After the members of the New York City-based duo The Books disbanded last summer, co-founder Nick Zammuto had to ponder whether or not he wanted to continue his career as a musician. At the urging of his wife and close friends, he decided it was time to start penning new material for a different project, this time under his own name. Solo songwriting wasn’t a new endeavor for Zammuto, but whereas that earlier material had been more ambient and glitchy, the new material would explore fresh territory for the songwriter. Indeed, given an opportunity for a musical rebirth, he wanted to write music to be performed by a four piece band. Unsurprisingly, there is a clear kinship between the self-titled Zammuto LP and the folk-tinged, electronica-inspired sound collages of The Books. Nonetheless, it would have been hard to imagine Zammuto recording this broader and more expansive new material as a part of The Books.
On his eponymous debut, Zammuto takes the immersive, folksy electronica he’d developed as part of The Books a few steps further by blending in elements of jazz, funk and more. The ebullient opening jam “Yay” breaks loose with a stuttering vocal stream that is hashed out along skittering, thoughtfully metered percussion. Meanwhile, “Groan Men, Don’t Cry” blends coldly vocoded-vocals with funky-electronica riffs, pulsating percussion, and undulating organ tones. Similarly, the swaying and sparse “Idiom Wind” sparkles with clinking layers of threaded percussion. It’s textured and rich. To the extent that a pattern emerges, it is that throughout the whole of the album, Zammuto’s songwriting relies on thoughtful arrangements built upon deconstructed elements of jazz, funk, pop, folk and electronica. The result is an intelligent album of headphones music filled with warmth and soul. Zammuto sounds both relieved and exhilarated by his newfound direction.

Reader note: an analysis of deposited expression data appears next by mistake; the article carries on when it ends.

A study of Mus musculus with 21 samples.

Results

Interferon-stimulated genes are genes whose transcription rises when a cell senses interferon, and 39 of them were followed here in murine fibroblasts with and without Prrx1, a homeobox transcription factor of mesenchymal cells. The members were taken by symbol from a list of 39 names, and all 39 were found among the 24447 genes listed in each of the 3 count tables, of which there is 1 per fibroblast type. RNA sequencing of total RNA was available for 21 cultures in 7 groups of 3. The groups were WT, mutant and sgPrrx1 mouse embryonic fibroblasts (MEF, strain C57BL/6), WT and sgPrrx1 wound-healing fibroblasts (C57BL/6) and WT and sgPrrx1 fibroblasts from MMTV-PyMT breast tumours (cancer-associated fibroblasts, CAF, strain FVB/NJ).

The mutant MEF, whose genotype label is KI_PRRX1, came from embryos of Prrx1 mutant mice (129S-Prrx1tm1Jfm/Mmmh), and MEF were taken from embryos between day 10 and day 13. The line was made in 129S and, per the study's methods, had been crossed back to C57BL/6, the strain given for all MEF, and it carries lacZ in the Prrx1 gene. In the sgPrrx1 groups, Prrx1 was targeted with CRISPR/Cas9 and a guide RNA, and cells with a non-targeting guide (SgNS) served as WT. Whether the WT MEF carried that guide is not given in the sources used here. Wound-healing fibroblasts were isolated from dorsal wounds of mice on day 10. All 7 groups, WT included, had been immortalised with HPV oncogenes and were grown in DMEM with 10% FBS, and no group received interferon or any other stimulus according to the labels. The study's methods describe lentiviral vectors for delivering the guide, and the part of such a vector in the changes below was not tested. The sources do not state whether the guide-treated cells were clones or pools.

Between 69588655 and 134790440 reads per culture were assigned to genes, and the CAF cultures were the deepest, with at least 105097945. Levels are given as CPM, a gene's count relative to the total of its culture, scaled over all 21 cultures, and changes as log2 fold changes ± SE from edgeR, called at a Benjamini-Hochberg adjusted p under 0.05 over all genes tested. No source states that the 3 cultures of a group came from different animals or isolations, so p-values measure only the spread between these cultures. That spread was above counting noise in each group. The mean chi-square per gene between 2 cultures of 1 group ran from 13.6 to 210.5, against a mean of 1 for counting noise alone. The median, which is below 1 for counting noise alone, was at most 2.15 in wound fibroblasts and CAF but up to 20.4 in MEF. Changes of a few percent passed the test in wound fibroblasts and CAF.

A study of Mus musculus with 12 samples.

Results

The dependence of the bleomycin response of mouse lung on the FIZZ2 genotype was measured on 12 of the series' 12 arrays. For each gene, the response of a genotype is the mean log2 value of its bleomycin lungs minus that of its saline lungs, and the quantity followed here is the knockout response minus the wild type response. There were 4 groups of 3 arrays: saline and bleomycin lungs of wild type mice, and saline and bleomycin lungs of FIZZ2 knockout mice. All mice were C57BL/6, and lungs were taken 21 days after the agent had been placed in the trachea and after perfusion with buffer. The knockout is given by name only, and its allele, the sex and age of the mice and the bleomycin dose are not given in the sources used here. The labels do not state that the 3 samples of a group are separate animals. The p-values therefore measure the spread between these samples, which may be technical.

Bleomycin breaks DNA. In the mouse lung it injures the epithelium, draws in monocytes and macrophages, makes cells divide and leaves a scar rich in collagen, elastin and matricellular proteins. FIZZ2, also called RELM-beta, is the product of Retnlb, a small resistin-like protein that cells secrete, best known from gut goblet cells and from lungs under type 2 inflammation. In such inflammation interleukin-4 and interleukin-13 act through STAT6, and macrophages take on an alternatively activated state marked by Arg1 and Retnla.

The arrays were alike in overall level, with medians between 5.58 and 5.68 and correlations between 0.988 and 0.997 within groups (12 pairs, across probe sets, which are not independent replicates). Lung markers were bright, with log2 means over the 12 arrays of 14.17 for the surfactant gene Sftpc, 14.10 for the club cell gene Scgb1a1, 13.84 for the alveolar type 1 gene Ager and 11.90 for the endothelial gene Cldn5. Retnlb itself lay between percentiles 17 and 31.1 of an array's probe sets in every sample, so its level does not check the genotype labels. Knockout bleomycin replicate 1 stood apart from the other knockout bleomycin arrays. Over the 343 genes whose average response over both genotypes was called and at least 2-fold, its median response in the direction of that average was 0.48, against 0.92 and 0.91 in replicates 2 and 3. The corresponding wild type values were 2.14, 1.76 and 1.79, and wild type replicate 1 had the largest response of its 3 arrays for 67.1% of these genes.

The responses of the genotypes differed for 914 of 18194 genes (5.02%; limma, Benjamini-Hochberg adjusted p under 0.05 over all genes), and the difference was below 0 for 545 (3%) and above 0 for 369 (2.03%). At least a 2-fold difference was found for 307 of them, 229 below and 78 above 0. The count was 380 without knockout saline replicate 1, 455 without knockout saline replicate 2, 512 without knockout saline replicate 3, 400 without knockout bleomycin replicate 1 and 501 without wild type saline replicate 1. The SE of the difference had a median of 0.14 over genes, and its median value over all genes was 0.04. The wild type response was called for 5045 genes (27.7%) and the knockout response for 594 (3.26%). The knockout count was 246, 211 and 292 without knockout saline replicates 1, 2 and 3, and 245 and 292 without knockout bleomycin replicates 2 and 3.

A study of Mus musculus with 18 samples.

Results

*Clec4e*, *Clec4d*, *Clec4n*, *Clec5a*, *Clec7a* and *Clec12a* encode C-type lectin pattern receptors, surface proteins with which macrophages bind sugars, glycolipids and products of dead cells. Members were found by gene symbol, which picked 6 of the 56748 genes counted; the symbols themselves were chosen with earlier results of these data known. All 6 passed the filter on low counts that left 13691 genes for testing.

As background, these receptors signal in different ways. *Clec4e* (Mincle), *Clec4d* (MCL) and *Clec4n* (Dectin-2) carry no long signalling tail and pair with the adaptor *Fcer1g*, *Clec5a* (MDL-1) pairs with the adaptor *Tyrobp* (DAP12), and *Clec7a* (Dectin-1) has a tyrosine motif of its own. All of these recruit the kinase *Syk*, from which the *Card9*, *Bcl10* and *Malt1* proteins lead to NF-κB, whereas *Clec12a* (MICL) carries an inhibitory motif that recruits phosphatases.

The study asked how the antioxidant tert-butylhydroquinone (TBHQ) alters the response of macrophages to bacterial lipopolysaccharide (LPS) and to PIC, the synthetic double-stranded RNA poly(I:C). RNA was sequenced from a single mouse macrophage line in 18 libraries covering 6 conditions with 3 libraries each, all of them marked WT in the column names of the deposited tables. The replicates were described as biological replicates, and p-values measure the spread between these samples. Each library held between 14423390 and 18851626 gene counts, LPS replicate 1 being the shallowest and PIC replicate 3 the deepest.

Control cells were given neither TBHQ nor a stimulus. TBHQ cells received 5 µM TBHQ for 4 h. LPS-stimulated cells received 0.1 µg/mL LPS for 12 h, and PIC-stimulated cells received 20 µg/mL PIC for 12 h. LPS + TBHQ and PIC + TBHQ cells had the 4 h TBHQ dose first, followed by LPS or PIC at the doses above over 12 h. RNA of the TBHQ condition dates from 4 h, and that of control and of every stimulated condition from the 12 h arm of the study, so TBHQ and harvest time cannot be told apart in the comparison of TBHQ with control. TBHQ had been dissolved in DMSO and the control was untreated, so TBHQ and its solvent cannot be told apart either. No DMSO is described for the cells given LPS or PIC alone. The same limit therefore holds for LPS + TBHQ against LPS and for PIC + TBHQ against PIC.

Zammuto (the band) is a traditional four-piece rock band set up with a guitarist, bassist, drummer and “multi instrumentalist.” Sure, it doesn’t sound all that interesting, but their originality isn’t predicated upon their component ingredients, but instead upon the compositions Zammuto has crafted. As a result, the recipe pairs well with Kasey’s Avocado Toast with Poached Egg. All of the ingredients in the recipe are pretty standard. Toast. Avocado. Poached Egg. But as an open-faced sandwich, it’s unique and delicious primarily because of the way the ingredients are put together. Like the album, it succeeds because it relies on excellent ingredients thoughtfully combined.
Head back to the Kitchen to read Kasey’s recipe for Avocado Toast with Poached Egg. Then head to Zammuto’s site to order a hand-printed copy of the album on limited edition vinyl (500 copies) before they are gone.